The other addition of note is the Scoutflies. Each hunter in Monster Hunter: World is equipped with a cask of glow bugs that help track down monsters. The scoutflies pick up on scents fed to them from the previously mentioned clues you find around the map, and then provide a breadcrumb trail to the monster. Gone are the days of painting a monster and trying to track it across three zones all strung together by loading screens. It may seem like a small change but it saves so much time, especially for new hunters like myself who can get lost in the large maps. Tracking is fun, and contributes so much to the anticipation of the hunt; a feeling which is rare in games and I haven’t seen emulated anywhere else.
My favorite take away from the game has to be the living and breathing ecosystems in Monster Hunter: World. Level design doesn’t even begin to describe what goes into these maps, as they take into account far more than ledges to climb and the layout of the land. The environments are all extremely different, but are all full of life and ready to explore. Each requires varying amounts of preparation where gear loadouts specific to the region can be paramount to survival. The monsters are not always the only threat here; sometimes the environment itself is a danger to your hunter.
Within these wonderfully large maps, the creatures act on their own. Without hunter interference, the interactions between all of the organisms is beautiful. The Atropos drinking from a stream is peaceful and serene, until a Great Jagras swallows a young one whole. It is akin to watching an episode of Planet Earth, see the example below:
One of the more breathtaking encounters I witnessed was an Anjanath having a turf war with a Great Jaggras. As the Anjanath took the upper hand and tossed the Jaggras to the ground with its jaws a giant wyvern named Rathalos swooped in and snatched the Anjanath up in its claws. It was a devastating sight, but a perfect example of how the ecosystem is alive in Monster Hunter: World.
The core gameplay loop of Monster Hunter: World consists of three main tasks that you’ll be repeating over and over: track, hunt, and craft. Grinding is often the word used to describe this kind of repetition, but it is more than that here. Repeating hunts is necessary to get materials to craft specific gear, but more importantly, it provides the opportunity to study the land and the monsters. It is to the benefit of the player to repeatedly head into unfamiliar territory to learn shortcuts, speedy traversal, and environmental traps. Armed with that knowledge, the player must then watch and engage the monsters to learn their mannerisms, patterns, and attacks. This doesn’t come from a single foray into the wilderness, but from venturing out multiple times. It is the natural flow of the hunt; the feedback loop Monster Hunter is built upon.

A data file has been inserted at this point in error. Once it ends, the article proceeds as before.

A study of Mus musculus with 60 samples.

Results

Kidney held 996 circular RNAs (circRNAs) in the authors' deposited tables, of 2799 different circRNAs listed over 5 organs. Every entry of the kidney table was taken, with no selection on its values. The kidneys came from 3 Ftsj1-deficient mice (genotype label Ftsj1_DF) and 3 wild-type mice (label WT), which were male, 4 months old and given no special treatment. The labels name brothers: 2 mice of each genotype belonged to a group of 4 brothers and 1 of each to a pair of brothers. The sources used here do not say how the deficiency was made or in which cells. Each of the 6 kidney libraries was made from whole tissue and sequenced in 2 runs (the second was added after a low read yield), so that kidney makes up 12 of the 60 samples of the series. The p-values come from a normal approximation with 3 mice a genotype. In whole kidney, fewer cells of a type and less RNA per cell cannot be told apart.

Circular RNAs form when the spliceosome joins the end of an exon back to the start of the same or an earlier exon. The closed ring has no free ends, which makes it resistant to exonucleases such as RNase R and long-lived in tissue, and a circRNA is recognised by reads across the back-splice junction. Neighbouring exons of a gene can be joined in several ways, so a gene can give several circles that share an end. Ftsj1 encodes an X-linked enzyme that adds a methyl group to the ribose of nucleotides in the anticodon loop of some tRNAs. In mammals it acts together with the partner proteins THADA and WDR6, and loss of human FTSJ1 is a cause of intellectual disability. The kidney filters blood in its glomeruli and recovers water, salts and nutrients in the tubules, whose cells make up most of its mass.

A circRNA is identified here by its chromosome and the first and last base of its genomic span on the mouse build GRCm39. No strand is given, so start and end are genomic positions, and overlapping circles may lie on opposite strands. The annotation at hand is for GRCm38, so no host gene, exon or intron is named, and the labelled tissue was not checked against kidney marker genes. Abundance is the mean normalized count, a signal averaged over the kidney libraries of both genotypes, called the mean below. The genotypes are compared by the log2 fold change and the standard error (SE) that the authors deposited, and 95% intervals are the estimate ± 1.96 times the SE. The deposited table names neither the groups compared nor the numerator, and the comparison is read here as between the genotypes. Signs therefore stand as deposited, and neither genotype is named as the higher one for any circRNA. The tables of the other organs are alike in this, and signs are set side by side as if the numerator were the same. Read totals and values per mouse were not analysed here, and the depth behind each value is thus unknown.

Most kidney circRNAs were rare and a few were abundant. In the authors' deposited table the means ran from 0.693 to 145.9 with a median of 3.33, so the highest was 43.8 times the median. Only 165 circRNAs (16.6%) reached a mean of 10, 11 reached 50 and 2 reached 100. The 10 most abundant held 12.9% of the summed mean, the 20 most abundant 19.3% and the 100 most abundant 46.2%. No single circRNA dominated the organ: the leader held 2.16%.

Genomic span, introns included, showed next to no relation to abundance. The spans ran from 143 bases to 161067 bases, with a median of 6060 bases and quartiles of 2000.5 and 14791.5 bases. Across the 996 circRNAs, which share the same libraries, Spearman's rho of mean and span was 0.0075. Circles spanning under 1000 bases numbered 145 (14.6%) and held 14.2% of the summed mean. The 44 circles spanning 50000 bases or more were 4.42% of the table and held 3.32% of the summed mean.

Some of the appeal of Monster Hunter stems from player agency. The game allows players to set their own goals and decide where they go and what they do. Sure, the story mode is there, but it acts as a set of training wheels, easing the player into the Monster Hunter ethos. Hunt. Craft. Repeat. Those are the rules, but the rest is up to you. In designing Monster Hunter: World (and every other Monster Hunter) in this way, it brings longevity to the game. There is no raid to gear towards, but simply the goals you set for yourself each time you log in, which is why people will continue to play years after release.
Monster Hunter: World isn’t perfect, but it has the recipe for captivating a widespread audience. It is odd for a longstanding series to go this long without a resounding success outside of its core demographic, especially since Capcom hasn’t really changed the main crux of the game. The quality of life changes go a long way for both veterans and new players, making it easier to get in and learn how the intricacies of the game work, and fewer friction points lead to less players bouncing off. If you have been watching Monster Hunter from the sidelines, curious as to why people are obsessed with the franchise, then this is the perfect time to get in. You will be surrounded by helpful veterans and new hunters, like myself, who are ready to foray into the New World.
Now in true co-op fashion I’m going to turn it over to a partner hunter, Jason Love, who has a nice perspective on the co-operative experience through some great anecdotal examples.